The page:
This is an episode of the Glossy Fashion Podcast, which features candid conversations about how today’s trends are shaping the future of the fashion industry. More from the series →
When Zara Terez Tisch launched her namesake brand Terez in 2008, right before the recession, her main goal was to find her light in a sea of darkness. The New York City-based brand, which initially sold leather handbags, quickly grew from operating out of her parents’ basement to selling through wholesale partners.
In 2012, Terez expanded into apparel and updated its mission to center on spreading happiness and positivity through clothes. While a kids’ line marked the move into the new category, the overwhelming demand for the hero product led to Terez launching colorful leggings for women. That’s now the brand’s most popular category, according to Terez Tisch. But it’s seeing competition.
“I am a big kid at heart, and … kids are a huge part of our brand’s DNA,” Terez Tisch said on the latest episode of The Glossy Podcast. “Since launched our first store this past fall, our kids’ business has been rising once again.”
The flagship location, which opened in NYC’s Upper East Side in September 2022, is a physical manifestation of all the best parts of the brand, she said, citing its bright decor and welcoming energy.
Below are additional highlights from the conversation, which have been lightly edited for clarity.
The evolution of activewear
“What the pandemic did, from a wholesale perspective, is it changed the trajectory of the activewear industry altogether. We didn’t come into Terez or create leggings and bras because we felt and wanted to be part of activewear. We happened to be at the right place at the right time, and we wore what made us happy. [Our product] wicked away sweat, it was comfortable, it was cool, and it was different than anything that was out there [in the market]. In 2021, our buyers from the department stores started to [place orders based on] what was selling online in 2020, which was not the best way to do it; 2020 was an anomaly for activewear and athleisure. What this has done is create a trickle-down effect for activewear, where department stores now are closing their activewear departments, decreasing their buys and truly hurting the people who built [activewear] in the beginning. … Activewear has almost become a dirty word, because buyers don’t need activewear. Everyone’s bought activewear already. They say, ‘We don’t sell activewear anymore.’ Whereas, when I started with ready-to-wear 10 years ago, I had the opposite problem. People didn’t know where to put activewear. But then Bloomingdale’s called me and said, ‘We want to launch our activewear department with you.’ Then Saks and Neiman Marcus [also reached out]. I am now experiencing the same challenge, but different.”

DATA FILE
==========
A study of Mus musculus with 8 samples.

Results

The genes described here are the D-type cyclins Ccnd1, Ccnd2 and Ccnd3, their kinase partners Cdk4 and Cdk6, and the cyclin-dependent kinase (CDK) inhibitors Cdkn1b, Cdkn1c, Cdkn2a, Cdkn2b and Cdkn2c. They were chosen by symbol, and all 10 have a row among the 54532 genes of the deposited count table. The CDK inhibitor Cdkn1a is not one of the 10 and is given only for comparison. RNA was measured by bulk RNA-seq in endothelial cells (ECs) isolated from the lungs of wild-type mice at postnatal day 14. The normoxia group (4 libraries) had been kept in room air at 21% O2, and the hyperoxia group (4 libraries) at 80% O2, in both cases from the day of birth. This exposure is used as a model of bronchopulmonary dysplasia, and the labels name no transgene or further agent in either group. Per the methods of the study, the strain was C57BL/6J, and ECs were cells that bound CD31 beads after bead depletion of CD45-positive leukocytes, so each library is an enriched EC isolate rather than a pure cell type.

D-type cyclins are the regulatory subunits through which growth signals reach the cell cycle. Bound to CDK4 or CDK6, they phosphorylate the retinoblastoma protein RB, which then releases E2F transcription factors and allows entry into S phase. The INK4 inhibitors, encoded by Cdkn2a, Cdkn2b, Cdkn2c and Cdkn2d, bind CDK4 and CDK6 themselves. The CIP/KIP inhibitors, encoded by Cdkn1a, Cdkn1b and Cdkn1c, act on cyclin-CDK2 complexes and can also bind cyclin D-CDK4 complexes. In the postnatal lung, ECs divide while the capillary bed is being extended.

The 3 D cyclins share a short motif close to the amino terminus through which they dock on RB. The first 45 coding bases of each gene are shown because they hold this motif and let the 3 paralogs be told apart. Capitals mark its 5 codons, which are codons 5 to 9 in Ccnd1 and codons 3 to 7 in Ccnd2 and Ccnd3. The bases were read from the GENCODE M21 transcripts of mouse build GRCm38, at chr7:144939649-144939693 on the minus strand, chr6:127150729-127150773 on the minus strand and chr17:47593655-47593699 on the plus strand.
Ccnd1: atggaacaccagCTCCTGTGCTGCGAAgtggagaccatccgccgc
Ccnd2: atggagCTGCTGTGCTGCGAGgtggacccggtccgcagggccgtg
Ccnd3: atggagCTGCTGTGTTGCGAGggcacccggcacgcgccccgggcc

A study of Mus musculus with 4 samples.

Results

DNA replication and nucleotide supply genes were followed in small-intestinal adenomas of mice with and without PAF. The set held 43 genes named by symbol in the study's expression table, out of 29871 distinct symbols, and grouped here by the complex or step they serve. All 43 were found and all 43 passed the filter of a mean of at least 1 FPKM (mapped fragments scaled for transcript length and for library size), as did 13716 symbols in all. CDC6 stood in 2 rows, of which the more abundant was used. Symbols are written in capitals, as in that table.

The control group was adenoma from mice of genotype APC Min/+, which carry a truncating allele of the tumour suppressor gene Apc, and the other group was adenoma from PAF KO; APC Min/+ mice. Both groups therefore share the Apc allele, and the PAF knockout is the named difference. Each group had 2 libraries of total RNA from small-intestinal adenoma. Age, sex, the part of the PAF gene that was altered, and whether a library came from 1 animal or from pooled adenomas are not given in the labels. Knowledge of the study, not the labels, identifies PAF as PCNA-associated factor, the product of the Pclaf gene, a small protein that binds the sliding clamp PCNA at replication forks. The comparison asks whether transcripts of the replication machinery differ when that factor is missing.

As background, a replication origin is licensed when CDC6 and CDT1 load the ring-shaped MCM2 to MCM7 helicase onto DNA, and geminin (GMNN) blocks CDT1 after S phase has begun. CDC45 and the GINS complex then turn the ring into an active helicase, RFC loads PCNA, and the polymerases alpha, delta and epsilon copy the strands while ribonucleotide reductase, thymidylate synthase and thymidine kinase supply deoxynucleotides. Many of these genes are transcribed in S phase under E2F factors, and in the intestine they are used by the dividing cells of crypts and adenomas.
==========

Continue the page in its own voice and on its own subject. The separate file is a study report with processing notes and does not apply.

On choosing a store location
“I always knew the power of our children’s collection. It has always had this differentiation from anything else that’s out there. … So when we opened our store, I intentionally wanted it to be on the Upper East Side. I don’t live in the Upper East Side — I live downtown. But I wanted to be in a neighborhood where we could go and sell to affluent families and to the moms and their children. We intentionally chose Lexington Avenue over Madison Avenue. The stores on Lexington remind me of the strip malls I grew up going to on Long Island and in Westchester. They’re pillars of the community and places you remember going to for the rest of your life. I thought that, if we could go there and own that area and become one with the community and support the community, then we could be successful.”